Donate Crypto Donate today

Ask Your Vet

Veterinary protocols for community cats


To help with the current shortage of spay/neuter, Neighborhood Cats offers our Ask Your Vet subsidy program for community cats. If you are a colony caretaker, trapper or rescuer working on your own in New York City, please download the program guidelines and application form. If you are a participating veterinarian, below you'll find resources on treating community cats. And thank you for helping out!  Ask Your Vet is generously supported by the Community Cats Podcast.

An eartipped cat

Eartipping

The universal mark of a neutered community cat is a straight line cut of 1 centimeter off the tip of the left ear. By identifying the cat as having already been spayed or neutered (and rabies vaccinated), an eartip prevents unnecessary re-trapping and promotes effective management of community cat colonies. Go to Eartipping for a detailed medical protocol, sample photo of a correct eartip, and sample video of the procedure.

Caring for cats in traps

Caring for cats in traps

Neighborhood Cats strongly recommends community cats, if they are feral, remain housed in their traps while at the clinic. For the safety of staff and the cats, do not attempt to transfer them in and out of cages. Instead, keep and care for them in their traps except when they are sedated. For a detailed protocol and video on how to do so, go to Caring for cats in traps. Contact us if you need a pair of dividers or purchase them at Tomahawk Live Trap.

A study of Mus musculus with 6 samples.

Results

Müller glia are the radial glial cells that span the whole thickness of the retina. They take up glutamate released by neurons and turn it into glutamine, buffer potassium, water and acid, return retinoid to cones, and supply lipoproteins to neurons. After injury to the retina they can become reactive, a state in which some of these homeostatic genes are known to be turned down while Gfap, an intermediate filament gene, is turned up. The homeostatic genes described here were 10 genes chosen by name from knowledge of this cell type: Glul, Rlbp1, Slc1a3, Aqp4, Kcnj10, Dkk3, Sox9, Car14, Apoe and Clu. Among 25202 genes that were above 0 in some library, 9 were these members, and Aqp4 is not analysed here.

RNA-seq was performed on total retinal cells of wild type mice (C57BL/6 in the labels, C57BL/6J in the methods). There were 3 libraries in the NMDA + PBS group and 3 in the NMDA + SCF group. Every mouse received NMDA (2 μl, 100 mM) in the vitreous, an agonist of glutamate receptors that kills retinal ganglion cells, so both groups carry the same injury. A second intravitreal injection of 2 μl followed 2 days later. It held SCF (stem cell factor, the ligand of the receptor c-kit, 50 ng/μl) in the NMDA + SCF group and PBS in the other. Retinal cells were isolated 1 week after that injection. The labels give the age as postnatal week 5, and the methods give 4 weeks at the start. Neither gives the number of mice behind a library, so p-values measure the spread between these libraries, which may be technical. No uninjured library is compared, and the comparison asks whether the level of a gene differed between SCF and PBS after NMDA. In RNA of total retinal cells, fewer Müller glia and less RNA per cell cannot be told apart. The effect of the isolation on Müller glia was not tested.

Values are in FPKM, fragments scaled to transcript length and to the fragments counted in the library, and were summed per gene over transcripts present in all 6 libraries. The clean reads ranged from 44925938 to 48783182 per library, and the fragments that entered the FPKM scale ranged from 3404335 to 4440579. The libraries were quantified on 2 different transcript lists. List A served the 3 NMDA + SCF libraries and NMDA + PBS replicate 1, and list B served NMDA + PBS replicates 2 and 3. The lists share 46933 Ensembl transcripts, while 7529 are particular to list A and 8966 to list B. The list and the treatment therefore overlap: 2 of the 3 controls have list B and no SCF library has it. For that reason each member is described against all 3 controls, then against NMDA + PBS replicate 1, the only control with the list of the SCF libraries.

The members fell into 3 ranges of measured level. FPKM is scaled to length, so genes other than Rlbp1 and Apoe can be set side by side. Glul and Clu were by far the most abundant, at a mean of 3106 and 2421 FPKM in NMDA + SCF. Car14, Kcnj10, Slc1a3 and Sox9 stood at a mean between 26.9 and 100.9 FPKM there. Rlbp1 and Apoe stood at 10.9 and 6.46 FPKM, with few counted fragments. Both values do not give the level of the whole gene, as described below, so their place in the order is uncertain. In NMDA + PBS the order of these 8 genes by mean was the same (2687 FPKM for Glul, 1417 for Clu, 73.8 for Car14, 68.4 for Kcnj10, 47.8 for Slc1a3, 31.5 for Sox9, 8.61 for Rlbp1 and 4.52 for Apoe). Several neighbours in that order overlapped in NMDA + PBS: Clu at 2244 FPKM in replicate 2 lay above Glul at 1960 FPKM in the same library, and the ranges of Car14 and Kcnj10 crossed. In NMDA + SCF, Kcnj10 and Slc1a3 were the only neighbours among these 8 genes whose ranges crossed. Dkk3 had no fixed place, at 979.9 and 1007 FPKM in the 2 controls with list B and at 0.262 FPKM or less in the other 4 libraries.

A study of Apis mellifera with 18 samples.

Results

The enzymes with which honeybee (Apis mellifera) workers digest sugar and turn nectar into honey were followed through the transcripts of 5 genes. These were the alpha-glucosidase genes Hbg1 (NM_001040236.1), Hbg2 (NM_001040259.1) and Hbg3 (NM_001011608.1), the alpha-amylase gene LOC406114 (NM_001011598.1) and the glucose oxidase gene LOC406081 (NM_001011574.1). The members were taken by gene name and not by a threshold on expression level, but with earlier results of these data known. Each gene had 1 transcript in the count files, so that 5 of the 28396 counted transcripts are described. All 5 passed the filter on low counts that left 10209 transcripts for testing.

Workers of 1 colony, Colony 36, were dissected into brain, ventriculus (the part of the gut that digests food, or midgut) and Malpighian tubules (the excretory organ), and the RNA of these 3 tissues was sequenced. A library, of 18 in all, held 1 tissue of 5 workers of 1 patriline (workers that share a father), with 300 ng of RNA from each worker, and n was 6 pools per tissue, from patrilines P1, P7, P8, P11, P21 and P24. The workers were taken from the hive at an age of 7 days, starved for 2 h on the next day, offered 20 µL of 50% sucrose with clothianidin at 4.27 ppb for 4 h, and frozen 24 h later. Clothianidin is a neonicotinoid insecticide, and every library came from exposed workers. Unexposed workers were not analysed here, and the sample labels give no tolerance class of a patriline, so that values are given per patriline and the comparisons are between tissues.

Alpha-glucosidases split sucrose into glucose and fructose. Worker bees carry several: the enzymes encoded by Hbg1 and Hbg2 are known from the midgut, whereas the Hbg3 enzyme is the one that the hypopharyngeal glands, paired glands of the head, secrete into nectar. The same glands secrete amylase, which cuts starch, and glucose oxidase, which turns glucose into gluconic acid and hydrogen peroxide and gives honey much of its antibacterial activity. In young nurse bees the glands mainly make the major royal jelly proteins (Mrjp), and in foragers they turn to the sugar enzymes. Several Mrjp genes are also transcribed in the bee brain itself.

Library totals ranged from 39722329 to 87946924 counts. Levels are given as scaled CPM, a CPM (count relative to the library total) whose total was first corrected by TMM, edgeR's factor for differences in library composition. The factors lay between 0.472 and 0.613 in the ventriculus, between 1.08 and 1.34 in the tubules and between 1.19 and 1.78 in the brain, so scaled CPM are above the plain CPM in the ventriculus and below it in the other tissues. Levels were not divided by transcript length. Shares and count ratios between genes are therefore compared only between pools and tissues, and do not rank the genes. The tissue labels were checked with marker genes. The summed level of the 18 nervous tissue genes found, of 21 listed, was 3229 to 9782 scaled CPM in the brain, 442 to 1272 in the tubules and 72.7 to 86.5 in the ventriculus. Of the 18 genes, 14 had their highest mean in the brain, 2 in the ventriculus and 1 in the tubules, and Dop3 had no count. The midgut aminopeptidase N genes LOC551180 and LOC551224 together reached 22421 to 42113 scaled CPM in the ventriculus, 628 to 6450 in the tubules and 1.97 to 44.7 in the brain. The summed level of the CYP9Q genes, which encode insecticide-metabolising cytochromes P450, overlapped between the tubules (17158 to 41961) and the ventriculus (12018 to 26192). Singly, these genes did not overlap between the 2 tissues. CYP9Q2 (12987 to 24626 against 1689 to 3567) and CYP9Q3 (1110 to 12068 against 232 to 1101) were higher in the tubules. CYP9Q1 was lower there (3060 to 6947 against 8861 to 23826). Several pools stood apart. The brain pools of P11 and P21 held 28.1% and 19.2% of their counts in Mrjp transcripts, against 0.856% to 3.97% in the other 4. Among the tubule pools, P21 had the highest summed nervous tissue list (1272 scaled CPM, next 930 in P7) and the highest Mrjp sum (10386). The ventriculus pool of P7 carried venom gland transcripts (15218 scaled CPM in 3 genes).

Community cat veterinary protocols

Veterinary protocols for community cats

Learn from the experts!  For how to best manage and treat community cats, see Community cat protocols for a detailed guide from the ASPCA as well as articles from other veterinary professionals.

FIV/FeLV testing of community cats

FIV/FeLV testing

For the vast majority of TNR programs, testing for FIV and FeLV is not standard procedure. Testing is considered appropriate only when a cat is symptomatic and the veterinarian believes it will assist with diagnosis and treatment. For a discussion of why tests are not usually performed, go to FIV/FeLV testing.